St. Mark’s Mourns Monsieur Nevot

Daniel Nevot, St. Mark’s former fencing coach and decorated French warrior, passed away on July 2, 2019, at the age of 99. Following a storied career in the French military, Nevot came to Texas in 1963 and commenced his 25-years as St. Mark's fencing instructor. His fencers had many successful results in the Junior Olympics and three later became NCAA All-Americans. Nevot also had the distinction of being one of three instructors to train the U.S. Olympic Fencing Team for the 1972 Olympics in Munich.

“It was an honor to meet and visit with Daniel Nevot on several occasions over the years, and he most certainly lived up to his well-earned reputation,” said David Dini, Eugene McDermott Headmaster. “He had an important and meaningful impact on the School for more than two decades. He was not only a public and service minded war hero, but also a teacher and coach who changed and shaped the lives of many young men.”

In addition to coaching fencing, Nevot contributed to the Outward Bound program (the precursor to the Pecos Wilderness Trip) and provided the occasional French history lectures. After retiring from St. Mark’s, Nevot stayed connected with many of his former students. In 2016, he returned to campus for a special luncheon with some of his former colleagues and fencers.

“Nevot taught us so much just out of his own personal qualities, as well as his skills,” recalled Bill Hootkins ’66, in an interview for St. Mark’s centennial history book in 2006. “It was amazing for us to hang out with a man who was a decorated hero – a man who was a fencing teacher for the entire French army. Spending 30 minutes in his company changed your life.”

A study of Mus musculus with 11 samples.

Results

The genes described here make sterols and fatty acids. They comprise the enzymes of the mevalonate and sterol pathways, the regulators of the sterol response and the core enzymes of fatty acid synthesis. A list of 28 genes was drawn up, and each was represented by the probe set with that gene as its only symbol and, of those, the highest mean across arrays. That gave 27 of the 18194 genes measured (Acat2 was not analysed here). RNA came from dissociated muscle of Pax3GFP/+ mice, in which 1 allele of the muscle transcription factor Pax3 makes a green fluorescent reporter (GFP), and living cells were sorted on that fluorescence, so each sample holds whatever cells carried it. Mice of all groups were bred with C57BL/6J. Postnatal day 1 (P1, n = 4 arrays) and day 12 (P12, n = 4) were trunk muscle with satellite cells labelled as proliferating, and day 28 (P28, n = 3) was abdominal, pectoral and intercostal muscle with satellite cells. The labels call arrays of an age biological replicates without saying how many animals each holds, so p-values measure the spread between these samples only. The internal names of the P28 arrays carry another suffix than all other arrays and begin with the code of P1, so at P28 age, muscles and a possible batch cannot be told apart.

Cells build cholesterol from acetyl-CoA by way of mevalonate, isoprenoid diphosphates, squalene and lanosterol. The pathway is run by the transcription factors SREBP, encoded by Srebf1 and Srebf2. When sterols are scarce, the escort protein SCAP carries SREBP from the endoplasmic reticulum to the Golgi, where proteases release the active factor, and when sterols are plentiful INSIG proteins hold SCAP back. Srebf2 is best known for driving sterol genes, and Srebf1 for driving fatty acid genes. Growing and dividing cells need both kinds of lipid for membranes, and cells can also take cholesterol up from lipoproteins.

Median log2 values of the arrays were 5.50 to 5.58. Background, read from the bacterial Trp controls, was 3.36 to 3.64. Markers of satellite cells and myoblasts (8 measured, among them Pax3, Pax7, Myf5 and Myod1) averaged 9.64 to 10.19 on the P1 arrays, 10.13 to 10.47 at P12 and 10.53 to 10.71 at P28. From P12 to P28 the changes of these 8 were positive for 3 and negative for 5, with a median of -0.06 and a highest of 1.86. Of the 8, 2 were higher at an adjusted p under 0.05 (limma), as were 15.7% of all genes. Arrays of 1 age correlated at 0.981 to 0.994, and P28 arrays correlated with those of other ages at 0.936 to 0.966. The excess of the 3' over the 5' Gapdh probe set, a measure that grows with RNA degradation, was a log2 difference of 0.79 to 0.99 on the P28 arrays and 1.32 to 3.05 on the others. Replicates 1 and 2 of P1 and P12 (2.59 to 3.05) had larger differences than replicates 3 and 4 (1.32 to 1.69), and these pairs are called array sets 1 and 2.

During World War II, Nevot served his native France valiantly in numerous engagements, including the Battle of Kufra, the D-Day invasion of Normandy, and the Liberation of Paris. For his service, he received the Legion d'Honneur, the French equivalent of the Congressional Medal of Honor.

“I count the two main highlights of my career as the Battle of Kufra and having the privilege of teaching the exceptional young men and being a part of the outstanding faculty at St. Mark’s,” Mr. Nevot wrote in a letter to the School in 2016. “I will never forget those 25 years, the wonderful people, and teaching at this wonderful school.”

A memorial service for Daniel Nevot will be held this Saturday, July 13, at 3:30 p.m. at Greenwood Chapel, 3100 White Settlement Road, Ft. Worth.
    • Nevot (seated) reconnects with former students on campus in 2016.

St. Mark’s School of Texas

10600 Preston Road
Dallas, Texas 75230



St. Mark’s does not discriminate in the administration of its admission and education policies on the basis of race, color, religion, sexual orientation, or national or ethnic origin.